This book examines accountability in the EU from different perspectives and considers whether EU citizens have real opportunities for holding decision-makers accountable. This book critically analyses five arguments which claim there are sufficient means for holding decision-makers to account in the Union. The authors examine:
- The argument that we should rethink the meaning of accountability in the EU context
- The claim that there is no accountability deficit in the EU because member states have the power to retrieve all delegated competencies
- The assertion that EU citizens have effective mechanisms for holding those responsible for legislative decision-making to account
- The contention that the arrangements that obtain at present for holding the executive power in the EU to account are acceptable
- The belief that the involvement of organised civil society can work as an alternative to traditional forms of accountability
The main conclusion is that the current institutional set-up and practice of decision-making in the EU is one that merely creates an illusion of accountability.
Using a strict framework focusing on the difference between formal mechanisms and actual opportunities for accountability, this highly coherent volume will be of interest to students and scholars of European politics, especially those interested in the democratic foundations of the European political system.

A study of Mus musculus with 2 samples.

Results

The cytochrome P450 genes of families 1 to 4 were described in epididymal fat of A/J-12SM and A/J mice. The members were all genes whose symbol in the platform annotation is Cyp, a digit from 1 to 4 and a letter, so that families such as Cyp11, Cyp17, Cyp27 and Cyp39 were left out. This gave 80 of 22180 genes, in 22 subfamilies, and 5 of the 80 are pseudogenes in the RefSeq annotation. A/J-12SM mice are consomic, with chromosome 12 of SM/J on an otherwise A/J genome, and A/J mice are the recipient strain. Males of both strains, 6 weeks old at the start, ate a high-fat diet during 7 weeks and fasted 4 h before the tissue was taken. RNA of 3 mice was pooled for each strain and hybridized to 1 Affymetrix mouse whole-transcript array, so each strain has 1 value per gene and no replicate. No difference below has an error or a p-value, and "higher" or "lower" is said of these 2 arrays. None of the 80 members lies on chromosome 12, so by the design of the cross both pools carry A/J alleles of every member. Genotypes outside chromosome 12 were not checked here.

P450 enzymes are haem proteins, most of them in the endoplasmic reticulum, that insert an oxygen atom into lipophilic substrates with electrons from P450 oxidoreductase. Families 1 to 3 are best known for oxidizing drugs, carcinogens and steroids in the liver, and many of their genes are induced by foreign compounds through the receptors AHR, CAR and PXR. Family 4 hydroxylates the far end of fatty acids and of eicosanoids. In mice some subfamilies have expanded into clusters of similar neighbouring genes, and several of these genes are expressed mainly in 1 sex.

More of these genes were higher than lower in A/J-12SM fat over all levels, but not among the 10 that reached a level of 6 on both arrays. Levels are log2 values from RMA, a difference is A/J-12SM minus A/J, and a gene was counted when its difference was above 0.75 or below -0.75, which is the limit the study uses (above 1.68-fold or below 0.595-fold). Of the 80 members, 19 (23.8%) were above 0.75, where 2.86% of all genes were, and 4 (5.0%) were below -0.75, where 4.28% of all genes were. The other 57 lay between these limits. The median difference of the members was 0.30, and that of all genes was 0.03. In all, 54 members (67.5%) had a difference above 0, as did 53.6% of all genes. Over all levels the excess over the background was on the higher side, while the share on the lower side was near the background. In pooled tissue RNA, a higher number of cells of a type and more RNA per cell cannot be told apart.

Table of Contents
1: Examining the illusion of accountability - Sverker Gustavsson, Christer Karlsson and Thomas Persson 2: Accountability in world politics - Robert O. Keohane 3: Accountability and democracy - Heidrun Abromeit 4: Putting limits on accountability avoidance - Sverker Gustavsson 5: Irretrievable powers and democratic accountability - Hans Agné 6: EU treaty reform and accountability - Christer Karlsson 7: Delegation to the permanent representation and mechanisms of accountability - Thomas Larue 8: European intelligence cooperation and accountability - Thorsten Wetzling 9: Executive power and accountability in the European Union - Jonas Tallberg 10: The European Central Bank – independent and accountable? - Daniel Naurin 11: Civil society participation and accountability - Thomas Persson 12: Improving accountability in the European Union – the potential role of NGOs - Louisa Parks 13: Taking accountability seriously - Sverker Gustavsson, Christer Karlsson and Thomas Persson
Sverker Gustavsson is Jean Monnet Professor of European political integration at the Department of Government, Uppsala University, Sweden. His main research interests are European constitutional affairs, welfare state theory and research policy doctrines. Christer Karlsson is Associate Professor in the Department of Government, Uppsala University. His main research interests are democratic theory, European Union politics and international climate change negotiations. Thomas Persson is Researcher in the Department of Government, Uppsala University. His research interests include the involvement of civil society and interest groups in European Union politics, and the impact of European integration on national political systems.